Cricket Australia (CA) has said there is “no alternative” but to cancel the proposed Test match against Afghanistan in November, following the Taliban’s stance which aims to ban women from playing sport.
Australia’s governing board for cricket is due to host Afghanistan for the one-off Test at the prestigious Bellerive Oval stadium in Hobart, Tasmania.
However, in a post from their verified Twitter account on Thursday, CA said that “if recent media reports that women’s cricket will not be supported in Afghanistan are substantiated,” it would have “no alternative but not to host Afghanistan for the proposed Test Match.”
“Driving the growth of women’s cricket globally is incredibly important to Cricket Australia. Our vision for cricket is that it is a sport for all and we support the game unequivocally for women at every level.
“We thank the Australian and Tasmanian Governments for their support on this important issue,” it added.
The Australian Cricketers’ Association (ACA) – which represents retired and current, domestic and international players – released a statement on social media in support of Cricket Australia’s announcement shortly after.
“The ACA unequivocally endorses Cricket Australia’s statement on the upcoming Test Match against Afghanistan,” the statement read.
“What is happening now in Afghanistan is a human rights issue that transcends the game of cricket.
“And while we would love to see players such as Rashid Khan play against Australia, hosting this Test Match cannot be considered if that same opportunity to play the game is denied to Roya Samim and her teammates.”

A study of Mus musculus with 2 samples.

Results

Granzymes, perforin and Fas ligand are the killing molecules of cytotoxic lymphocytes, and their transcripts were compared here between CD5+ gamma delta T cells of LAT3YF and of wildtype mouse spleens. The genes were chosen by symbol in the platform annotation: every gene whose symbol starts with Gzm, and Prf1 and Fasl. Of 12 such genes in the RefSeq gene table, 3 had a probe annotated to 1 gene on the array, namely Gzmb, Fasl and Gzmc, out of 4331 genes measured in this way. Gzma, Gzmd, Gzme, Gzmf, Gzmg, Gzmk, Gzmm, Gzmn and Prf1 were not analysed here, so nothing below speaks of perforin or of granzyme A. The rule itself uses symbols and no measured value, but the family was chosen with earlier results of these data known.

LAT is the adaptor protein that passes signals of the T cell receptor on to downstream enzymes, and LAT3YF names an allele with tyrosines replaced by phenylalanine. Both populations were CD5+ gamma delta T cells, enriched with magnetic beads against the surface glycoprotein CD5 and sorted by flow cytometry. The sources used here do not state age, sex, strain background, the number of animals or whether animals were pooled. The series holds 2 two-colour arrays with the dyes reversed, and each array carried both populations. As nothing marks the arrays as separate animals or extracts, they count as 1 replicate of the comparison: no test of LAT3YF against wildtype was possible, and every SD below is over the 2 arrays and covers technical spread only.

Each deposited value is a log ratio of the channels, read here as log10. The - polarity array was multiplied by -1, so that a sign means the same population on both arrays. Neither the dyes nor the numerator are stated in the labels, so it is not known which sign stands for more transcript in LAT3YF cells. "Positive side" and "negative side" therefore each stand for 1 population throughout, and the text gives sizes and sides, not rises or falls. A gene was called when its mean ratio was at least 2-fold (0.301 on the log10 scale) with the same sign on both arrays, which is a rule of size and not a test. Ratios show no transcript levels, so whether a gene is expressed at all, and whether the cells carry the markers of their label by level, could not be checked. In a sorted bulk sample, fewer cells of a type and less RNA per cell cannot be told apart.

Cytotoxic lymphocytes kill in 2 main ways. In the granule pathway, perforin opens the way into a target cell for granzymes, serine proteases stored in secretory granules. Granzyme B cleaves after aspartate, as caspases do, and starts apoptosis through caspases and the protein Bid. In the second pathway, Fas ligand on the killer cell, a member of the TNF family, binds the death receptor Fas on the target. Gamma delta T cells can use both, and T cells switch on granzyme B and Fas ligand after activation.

‘My country is in chaos’
The news comes as Ahmadullah Wasiq, deputy head of the Taliban’s cultural commission, told Australia’s SBS News that Afghan women should not play cricket and other sports where they would be “exposed.”
“In cricket, they might face a situation where their face and body will not be covered. Islam does not allow women to be seen like this,” Wasiq told SBS News.
Khan, who captains the Afghanistan Twenty20 side, has been vocal on social media about the conflict in his native country.
“Dear World Leaders! My country is in chaos,” he tweeted in August, several days before the Taliban seized the presidential palace in Kabul.
“Thousands of innocent people, including children and women, get martyred everyday, houses & properties being destructed. Thousand families displaced.
“Don’t leave us in chaos. Stop killing Afghans & destroying Afghaniatan [sic]. We want peace,” he added.